Accreted Section Double Running Stitch Logic
I promised to discuss a second logic for double running stitch. I call this one “accreted section” and use it for the more complex patterns, especially non-linear ones.
What’s a linear pattern? Pretty much any of the banded strapwork style strip patterns I’ve been using on the Do-Right and Clarke’s Law samplers. However the phoenix from Do-Right is distinctly non-linear:
I could work the phoenix using the baseline method by identifying one of a zillion possible baselines and following it in the usual way. The outline would make a good baseline:
If I were to use baseline, I’d start at a point on the outline, then work in the indicated direction, following the little detours as I came to them. But in this case there are LOTS of detours. It’s too easy to get lost. For example, If I were to start at the indicated spot at the base of the flight feather, then continue up to the wingtip, it looks like I’d be following the little striations on the first feather. Not too hard. Little lines and hatchings like these make the pattern easier to follow because they can be easier to count than straight runs of stitching with few reference points to use for location verification. BUT I have a lot of possible detours. It’s very easy to start the feather with the stitch from the feather base to the first striation, then verge off down that bit of shading to the lower part of the wing and from there get lost in the body.
I find it easier to break up patterns like this into logical units:
Purists will note that the blue segment might be considered a baseline, with the other elements as detours off of it, but that’s quibbling. For me at least, parsing the pattern into three units helps keep me on track. When I stitched this I started with the blue unit, working the bird’s neck and breast detail as departures from that line. I did have the luxury of not needing to do this piece double sided, so I did begin a new strand to work the green section, stitching the feather striations and other connected bits as I went along. The same with the orange section. I did that last, again working the feather stripe and flame detours as I came to them. The flame section at the pattern’s bottom left is a closed loop departure off of the orange line.
Baseline First/Hybrid Logic
So far I’ve established a visual baseline, then worked along it, stitching all departures from that baseline. The last step has been to stitch back along the baseline to complete the work. But sometimes it’s better to stitch the baseline first. Occasionally I work a pattern that way – making my first pass along the baseline to outline or otherwise establish the location and veracity of pattern placement, then working the details or fillings on the second pass:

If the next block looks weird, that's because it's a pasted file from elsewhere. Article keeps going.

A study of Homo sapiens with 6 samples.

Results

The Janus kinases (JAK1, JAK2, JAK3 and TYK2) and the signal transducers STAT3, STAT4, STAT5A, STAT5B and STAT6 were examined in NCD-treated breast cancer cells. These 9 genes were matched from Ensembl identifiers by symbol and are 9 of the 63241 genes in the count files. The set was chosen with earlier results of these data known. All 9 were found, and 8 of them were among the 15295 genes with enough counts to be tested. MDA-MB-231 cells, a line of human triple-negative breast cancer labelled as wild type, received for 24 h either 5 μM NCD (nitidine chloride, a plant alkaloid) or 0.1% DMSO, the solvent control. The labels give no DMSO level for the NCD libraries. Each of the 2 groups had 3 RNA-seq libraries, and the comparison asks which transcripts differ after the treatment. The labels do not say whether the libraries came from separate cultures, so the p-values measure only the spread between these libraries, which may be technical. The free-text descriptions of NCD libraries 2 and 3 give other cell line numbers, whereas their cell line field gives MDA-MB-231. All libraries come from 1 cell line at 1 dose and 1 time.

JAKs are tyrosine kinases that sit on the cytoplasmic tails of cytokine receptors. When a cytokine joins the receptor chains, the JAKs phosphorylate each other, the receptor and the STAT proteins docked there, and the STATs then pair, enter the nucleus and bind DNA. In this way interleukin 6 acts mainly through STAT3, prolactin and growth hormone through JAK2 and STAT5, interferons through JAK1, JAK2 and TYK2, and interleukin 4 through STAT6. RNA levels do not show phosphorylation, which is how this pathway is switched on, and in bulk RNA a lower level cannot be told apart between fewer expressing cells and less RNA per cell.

You can clearly see that I did that on this strip from Do-Right. I started with a baseline that outlined the flower, then on the second pass, filled in the petal details. In this case I worked using a hybrid logic. Instead of establishing one baseline for the entire repeat, I worked it more along the lines of the accreted method above – isolating the flower, then the branch from which it buds, and then the branch segment that connects this flower to the next (flipped) repeat.
For some very wide patterns, this mixed approach works best, especially if you’re using an in-hand tambour style round frame. With a round frame the area that’s taught and ready to work is quite small. Large repeats easily occupy more than the space at hand:
Being limited to the frame’s real estate lends itself to this compartmentalized, hybrid approach.
Having the luxury of using a flat, slate, or roller frame that provides acres of taughtness makes a sprawling approach easier:
In any case, this concludes the series on double running stitch logic. Please feel free to ask questions. I don’t pretend to know it all, but chances are I’ve faced some of the same stitching problems that might be challenging you, and I’d love to help.